A caffeine mist marketed as "breathable energy" may become a health hazard for teens and young people, according to doctors and Sen. Charles Schumer, D-N.Y. On Thursday, Schumer asked the U.S. Food and Drug Administration to review the product's safety.
Aeroshot Pure Energy, made by Breathable Foods in Cambridge, Mass., comes in a lipstick-size tube designed to spray a mist of caffeine and B vitamins that dissolve in the mouth, according to the company. Each tube contains 100 mg of caffeine, which is about the amount contained in a large cup of coffee. The product will be sold over the counter and is set to hit store shelves in Boston and New York City next week, at $2.99 per tube.
The company promotes the product as easy to use, calorie free and compact enough to fit inside a jean pocket or carry-on luggage. Schumer says Aeroshot's availability and the company's marketing could sway teens and young adults to mix it with alcohol, creating a potentially dangerous combination.
In a statement, Schumer called the product a "club drug" that is "designed to give users the ability to drink until they drop."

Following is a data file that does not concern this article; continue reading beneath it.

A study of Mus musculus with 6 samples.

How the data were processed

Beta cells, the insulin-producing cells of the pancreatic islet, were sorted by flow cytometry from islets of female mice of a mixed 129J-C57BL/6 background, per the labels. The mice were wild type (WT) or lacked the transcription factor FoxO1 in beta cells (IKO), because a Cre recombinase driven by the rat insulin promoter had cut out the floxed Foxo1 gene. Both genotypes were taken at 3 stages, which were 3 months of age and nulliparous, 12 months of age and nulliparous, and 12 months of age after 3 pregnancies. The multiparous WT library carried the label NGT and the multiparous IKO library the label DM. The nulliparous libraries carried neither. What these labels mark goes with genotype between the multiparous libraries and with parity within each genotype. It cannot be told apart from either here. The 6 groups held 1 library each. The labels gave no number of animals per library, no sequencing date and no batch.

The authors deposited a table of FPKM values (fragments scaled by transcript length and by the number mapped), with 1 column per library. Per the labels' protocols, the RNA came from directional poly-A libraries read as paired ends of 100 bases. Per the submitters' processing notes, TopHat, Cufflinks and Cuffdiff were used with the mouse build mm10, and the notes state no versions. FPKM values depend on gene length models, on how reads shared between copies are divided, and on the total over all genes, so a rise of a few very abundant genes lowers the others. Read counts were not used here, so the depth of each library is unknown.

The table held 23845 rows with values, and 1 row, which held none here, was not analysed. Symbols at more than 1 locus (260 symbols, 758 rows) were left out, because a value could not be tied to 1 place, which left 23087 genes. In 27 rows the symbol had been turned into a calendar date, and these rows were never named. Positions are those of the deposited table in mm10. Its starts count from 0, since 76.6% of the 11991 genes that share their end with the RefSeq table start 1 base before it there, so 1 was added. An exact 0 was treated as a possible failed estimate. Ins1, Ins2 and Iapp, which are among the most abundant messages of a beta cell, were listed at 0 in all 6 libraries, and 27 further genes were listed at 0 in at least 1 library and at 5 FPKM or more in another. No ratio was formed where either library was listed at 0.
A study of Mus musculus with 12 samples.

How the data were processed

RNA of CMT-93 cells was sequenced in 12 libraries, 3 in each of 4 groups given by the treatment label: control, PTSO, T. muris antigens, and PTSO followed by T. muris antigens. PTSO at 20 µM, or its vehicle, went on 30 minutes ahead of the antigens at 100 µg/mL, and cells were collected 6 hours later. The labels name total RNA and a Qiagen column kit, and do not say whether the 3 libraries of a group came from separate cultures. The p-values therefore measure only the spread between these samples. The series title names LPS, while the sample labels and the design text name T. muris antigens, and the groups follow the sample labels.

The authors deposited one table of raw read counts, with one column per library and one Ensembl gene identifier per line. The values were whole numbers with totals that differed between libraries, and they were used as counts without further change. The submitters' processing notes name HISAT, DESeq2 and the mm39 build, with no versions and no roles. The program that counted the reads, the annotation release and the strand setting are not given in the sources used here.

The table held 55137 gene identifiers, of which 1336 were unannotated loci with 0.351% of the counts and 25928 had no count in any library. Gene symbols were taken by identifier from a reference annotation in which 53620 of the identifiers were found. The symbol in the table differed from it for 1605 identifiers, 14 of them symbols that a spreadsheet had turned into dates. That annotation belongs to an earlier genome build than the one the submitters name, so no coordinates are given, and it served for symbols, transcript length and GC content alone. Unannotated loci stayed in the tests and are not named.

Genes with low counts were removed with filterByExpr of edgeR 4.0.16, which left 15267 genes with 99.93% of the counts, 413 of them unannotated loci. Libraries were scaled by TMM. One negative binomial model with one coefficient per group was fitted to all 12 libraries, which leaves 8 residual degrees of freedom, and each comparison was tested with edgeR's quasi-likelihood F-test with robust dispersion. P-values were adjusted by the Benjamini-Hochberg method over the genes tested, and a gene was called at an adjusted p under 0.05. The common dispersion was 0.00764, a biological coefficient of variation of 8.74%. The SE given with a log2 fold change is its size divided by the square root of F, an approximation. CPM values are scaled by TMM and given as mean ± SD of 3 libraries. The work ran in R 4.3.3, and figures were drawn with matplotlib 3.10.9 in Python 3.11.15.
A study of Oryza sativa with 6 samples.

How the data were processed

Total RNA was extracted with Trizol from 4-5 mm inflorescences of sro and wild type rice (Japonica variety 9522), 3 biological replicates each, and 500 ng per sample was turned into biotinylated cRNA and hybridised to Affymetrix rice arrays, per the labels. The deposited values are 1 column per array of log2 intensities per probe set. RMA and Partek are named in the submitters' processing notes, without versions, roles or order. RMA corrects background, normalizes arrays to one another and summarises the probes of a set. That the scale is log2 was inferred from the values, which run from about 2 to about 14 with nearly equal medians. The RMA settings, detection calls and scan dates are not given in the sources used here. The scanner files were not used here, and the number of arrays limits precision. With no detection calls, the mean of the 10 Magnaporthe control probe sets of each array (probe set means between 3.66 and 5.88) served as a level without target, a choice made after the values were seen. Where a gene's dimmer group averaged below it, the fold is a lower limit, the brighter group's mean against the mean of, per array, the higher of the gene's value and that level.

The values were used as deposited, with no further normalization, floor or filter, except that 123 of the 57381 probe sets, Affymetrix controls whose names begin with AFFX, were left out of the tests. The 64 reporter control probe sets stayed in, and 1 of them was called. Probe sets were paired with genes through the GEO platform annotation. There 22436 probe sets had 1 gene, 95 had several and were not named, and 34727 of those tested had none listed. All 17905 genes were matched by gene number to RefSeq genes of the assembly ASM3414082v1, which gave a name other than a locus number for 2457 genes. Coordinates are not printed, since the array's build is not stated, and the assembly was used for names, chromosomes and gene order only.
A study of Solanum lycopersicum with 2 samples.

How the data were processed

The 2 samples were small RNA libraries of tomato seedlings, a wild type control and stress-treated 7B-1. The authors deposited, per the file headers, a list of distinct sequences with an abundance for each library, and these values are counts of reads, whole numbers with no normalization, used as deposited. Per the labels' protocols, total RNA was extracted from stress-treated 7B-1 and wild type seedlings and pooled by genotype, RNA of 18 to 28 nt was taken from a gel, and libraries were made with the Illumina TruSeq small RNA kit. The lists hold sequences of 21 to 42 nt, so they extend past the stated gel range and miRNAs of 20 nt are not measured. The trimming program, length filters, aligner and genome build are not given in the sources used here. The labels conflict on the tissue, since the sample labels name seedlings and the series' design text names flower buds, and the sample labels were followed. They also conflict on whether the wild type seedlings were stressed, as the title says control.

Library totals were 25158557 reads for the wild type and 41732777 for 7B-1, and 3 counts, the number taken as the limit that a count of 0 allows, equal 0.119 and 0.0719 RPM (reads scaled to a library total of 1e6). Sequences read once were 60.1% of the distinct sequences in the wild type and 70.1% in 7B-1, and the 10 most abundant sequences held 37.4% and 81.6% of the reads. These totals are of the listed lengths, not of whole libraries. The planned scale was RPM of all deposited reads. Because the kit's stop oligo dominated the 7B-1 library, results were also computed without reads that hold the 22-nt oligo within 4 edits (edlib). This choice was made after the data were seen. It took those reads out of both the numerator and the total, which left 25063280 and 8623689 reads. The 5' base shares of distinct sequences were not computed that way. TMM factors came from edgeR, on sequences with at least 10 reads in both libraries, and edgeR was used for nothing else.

Bruce Goldberger, professor and director of toxicology at the University of Florida, told ABC News that while the product is not the same as such illegal "club drugs" as ecstasy, the marketing and availability of the product is "troublesome."
"It's a very clever marketing, obviously reaching out to young people who consume energy drinks," Goldberger said. "If you put this into the wrong hands, it could have serious consequences."
Goldberger said he worries that the product, which will be sold with no age restrictions, could easily fall into the hands of children, for whom 100 mg of caffeine could have serious health consequences. He also said there is no way to guarantee that users won't inhale the caffeine mist directly into their lungs, which would be dangerous.
Aeroshot has about half the amount of caffeine contained in alcoholic energy drinks like Four Loko and Joose, which were banned by the FDA in 2010 after reports that the drinks had sent some users to the hospital.
In a statement on the company's website, Breathable Foods CEO Tom Hadfield said the product had none of the "mystery chemicals" contained in other energy drinks and was not supposed to be mixed with alcohol. Also, "Aeroshot is not intended for use by children and is not marketed to children," Hadfield wrote.
The FDA plans to review information about the product and determine if it meets federal safety and labeling standards, said a spokesperson for the agency.